Do Intel's Sandy Bridge CPUs perform better when they're in a colder environment? That's the theory, and we put it to the test.
During the launch phase of Sandy Bridge we kept hearing that the new processors would perform better in a colder environment. Puzzled by this statement we asked Intel if a processor in Antarctica would outperform one located in Hawaii, and the reply was that ambient temperature definitely plays a part in the performance of Sandy Bridge. Armed with this small piece of information and nothing more, we set out to uncover the truth behind the Sandy Bridge temperature claims.
A performance gain due to the temperature at which the processor operates could come in two distinctly different ways. One being a frequency increase, since temperature plays a big part in overclocking and the maximum frequency a component can achieve. The other would be a performance increase at the same frequency; this would mean an HD video transcode in Antarctica would complete quicker than in Hawaii. We set up a series of simple experiments to test both theories.
How do environmental temperatures affect Sandy Bridge performance?
In the first experiment we started with our processor at 40 degrees Celsius and ran 3DMark Vantage. We then decreased the temperature to 30 degrees and repeated the process until we reached -20 degrees. Over our seven 3DMark runs at different temperatures we experienced no significant change in score: this would indicate that there is no performance gain at the same frequency when temperatures are different.
Next we set up the same system and set the temperature to 40 degrees Celsius. This time we tried to achieve the maximum overclock possible before decreasing the temperature in 10-degree intervals. Starting at 40 degrees, we achieved a frequency of 4,900MHz; at 30 degrees we found it was possible to reach 5,000MHz; and we reached a peak frequency of 5,100MHz at 10 degrees Celsius. This proves that temperature does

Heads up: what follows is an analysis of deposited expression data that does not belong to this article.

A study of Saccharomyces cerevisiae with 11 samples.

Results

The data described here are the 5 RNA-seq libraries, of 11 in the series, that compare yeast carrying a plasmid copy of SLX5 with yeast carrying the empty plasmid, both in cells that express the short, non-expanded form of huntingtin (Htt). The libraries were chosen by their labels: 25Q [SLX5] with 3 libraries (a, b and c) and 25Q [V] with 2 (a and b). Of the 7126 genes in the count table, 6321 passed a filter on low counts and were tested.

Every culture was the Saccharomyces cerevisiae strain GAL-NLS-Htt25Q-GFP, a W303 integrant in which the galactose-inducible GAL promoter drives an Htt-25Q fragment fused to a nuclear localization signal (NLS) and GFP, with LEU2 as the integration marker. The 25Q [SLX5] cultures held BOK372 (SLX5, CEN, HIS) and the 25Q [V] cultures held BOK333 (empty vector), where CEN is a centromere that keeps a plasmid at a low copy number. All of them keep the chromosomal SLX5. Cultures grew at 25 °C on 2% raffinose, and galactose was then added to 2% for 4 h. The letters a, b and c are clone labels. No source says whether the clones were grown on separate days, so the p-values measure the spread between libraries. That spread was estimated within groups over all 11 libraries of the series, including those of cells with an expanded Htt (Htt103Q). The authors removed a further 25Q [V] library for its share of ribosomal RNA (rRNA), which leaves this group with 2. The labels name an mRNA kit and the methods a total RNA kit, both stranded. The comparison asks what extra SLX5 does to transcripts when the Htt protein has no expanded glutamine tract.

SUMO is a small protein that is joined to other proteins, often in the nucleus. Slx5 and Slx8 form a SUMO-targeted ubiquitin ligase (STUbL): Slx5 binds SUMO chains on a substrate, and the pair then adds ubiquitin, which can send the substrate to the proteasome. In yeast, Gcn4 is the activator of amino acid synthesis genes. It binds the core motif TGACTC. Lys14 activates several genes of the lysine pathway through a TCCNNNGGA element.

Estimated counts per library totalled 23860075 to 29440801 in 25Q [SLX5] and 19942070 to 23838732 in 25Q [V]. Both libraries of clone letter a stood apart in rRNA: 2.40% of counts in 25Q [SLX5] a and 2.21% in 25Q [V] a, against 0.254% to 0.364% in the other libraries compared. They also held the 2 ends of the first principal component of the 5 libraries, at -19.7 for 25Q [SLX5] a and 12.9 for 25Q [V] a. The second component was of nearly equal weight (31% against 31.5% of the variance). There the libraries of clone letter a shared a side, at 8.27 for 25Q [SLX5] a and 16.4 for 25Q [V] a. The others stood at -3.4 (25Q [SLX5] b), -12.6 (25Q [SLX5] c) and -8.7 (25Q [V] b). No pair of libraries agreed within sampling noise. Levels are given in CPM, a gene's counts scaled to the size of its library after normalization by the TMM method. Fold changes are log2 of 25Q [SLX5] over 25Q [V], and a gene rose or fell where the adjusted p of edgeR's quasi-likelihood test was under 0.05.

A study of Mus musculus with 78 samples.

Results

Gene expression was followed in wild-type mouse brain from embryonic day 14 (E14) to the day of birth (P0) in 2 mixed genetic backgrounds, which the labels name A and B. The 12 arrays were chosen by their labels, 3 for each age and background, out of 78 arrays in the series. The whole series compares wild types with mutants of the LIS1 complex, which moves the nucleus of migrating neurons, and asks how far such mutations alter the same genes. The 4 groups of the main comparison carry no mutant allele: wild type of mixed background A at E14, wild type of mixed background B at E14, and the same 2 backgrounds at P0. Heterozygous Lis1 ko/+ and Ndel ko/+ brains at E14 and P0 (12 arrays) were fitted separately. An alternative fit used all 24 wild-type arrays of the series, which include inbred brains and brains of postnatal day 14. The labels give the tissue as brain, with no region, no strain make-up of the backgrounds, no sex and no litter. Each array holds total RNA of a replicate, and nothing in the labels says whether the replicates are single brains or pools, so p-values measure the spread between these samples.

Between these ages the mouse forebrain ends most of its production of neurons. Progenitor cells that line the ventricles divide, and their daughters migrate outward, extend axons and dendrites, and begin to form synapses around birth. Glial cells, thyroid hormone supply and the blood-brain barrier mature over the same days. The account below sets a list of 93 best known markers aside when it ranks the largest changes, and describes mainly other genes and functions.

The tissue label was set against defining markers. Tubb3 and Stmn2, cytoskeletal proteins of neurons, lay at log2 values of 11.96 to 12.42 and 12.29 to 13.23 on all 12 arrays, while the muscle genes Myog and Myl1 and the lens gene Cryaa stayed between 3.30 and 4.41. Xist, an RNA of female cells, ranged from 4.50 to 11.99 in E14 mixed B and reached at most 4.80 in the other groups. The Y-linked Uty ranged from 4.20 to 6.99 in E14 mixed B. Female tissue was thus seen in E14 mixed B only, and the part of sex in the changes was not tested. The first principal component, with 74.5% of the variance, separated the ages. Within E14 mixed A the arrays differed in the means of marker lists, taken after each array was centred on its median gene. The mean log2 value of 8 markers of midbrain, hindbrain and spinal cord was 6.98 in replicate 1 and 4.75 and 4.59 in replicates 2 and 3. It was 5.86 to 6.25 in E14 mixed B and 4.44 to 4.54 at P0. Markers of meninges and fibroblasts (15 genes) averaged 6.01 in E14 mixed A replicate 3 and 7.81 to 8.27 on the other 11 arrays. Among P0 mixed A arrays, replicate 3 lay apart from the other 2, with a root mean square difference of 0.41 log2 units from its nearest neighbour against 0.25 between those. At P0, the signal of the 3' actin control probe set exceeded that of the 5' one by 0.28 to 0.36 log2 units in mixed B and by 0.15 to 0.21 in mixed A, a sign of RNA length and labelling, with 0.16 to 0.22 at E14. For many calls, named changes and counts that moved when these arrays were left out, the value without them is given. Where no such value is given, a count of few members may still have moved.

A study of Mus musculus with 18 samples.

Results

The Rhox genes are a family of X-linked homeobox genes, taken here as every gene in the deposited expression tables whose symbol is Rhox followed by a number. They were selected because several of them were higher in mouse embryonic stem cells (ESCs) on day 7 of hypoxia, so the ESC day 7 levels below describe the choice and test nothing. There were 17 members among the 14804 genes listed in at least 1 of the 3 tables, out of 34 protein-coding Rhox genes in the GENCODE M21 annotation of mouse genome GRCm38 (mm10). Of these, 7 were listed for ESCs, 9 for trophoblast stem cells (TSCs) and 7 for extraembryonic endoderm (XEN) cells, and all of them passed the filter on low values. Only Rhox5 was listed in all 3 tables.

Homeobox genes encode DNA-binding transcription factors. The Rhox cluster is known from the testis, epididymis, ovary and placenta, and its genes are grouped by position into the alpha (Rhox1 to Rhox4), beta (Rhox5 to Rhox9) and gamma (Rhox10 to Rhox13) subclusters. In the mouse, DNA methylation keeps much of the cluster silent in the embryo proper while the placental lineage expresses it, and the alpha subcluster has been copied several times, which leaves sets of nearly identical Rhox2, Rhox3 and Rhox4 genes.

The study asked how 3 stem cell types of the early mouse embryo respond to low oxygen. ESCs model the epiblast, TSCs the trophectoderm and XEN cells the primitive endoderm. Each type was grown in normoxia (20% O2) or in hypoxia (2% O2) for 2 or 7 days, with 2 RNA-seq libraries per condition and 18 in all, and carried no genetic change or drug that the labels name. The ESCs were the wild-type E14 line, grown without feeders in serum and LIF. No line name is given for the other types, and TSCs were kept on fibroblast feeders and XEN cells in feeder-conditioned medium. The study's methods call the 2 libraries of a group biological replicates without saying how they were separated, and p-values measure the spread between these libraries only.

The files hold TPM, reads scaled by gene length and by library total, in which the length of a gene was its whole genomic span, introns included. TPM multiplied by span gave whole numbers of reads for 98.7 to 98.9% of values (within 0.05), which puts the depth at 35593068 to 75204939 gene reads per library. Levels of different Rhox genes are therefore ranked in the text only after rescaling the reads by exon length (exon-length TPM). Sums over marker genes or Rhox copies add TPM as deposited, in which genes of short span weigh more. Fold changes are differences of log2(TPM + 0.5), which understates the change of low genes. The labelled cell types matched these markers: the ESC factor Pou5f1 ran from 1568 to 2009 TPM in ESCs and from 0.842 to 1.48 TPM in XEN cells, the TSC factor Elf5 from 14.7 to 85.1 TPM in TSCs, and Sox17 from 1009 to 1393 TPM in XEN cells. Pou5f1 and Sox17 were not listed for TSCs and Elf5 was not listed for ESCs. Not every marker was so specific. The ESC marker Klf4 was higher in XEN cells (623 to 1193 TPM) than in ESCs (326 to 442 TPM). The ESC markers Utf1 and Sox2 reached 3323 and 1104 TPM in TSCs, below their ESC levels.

affect the maximum performance, but this has been the case for nearly 10 years (and surely the Intel spokesperson meant more with their comment).
Going back to the drawing board we decided the Turbo Boost feature was worth investigating. The Turbo Boost works by increasing the CPU frequency when there is demand under heavy load, then decreasing the frequency when the temperature becomes too high. With this in mind we set up a third experiment.
After enabling the Turbo Boost functionality and setting our processor to 4,800MHz we were ready to go. Starting at 40 degrees Celsius we ran the Prime 95 test to generate a massive heat load and then observed the platform. After a few seconds the frequency dropped to 4,600MHz, then dropped again to 4,400MHz, all the way down to 3,900MHz. After we decreased the temperature to 30 degrees Celsius it took longer for the frequency to drop; this pattern continued repeatedly right down to -10 degrees.
Intel was spot on, it seems temperature does
play a big part in Sandy Bridge CPU frequency, but only under certain circumstances. Those wanting to overclock their systems will benefit from investing in serious air cooling or even high-end water cooling systems. What we can draw from this analysis is how Sandy Bridge was designed to work. During periods of heavy usage the Turbo Boost provides a temporary speed boost, and when the temperature becomes too high the frequency scales back. While you can gain a small performance boost by running the system in a colder environment, we still think the cost of moving to Antarctica probably isn’t worth the return on investment.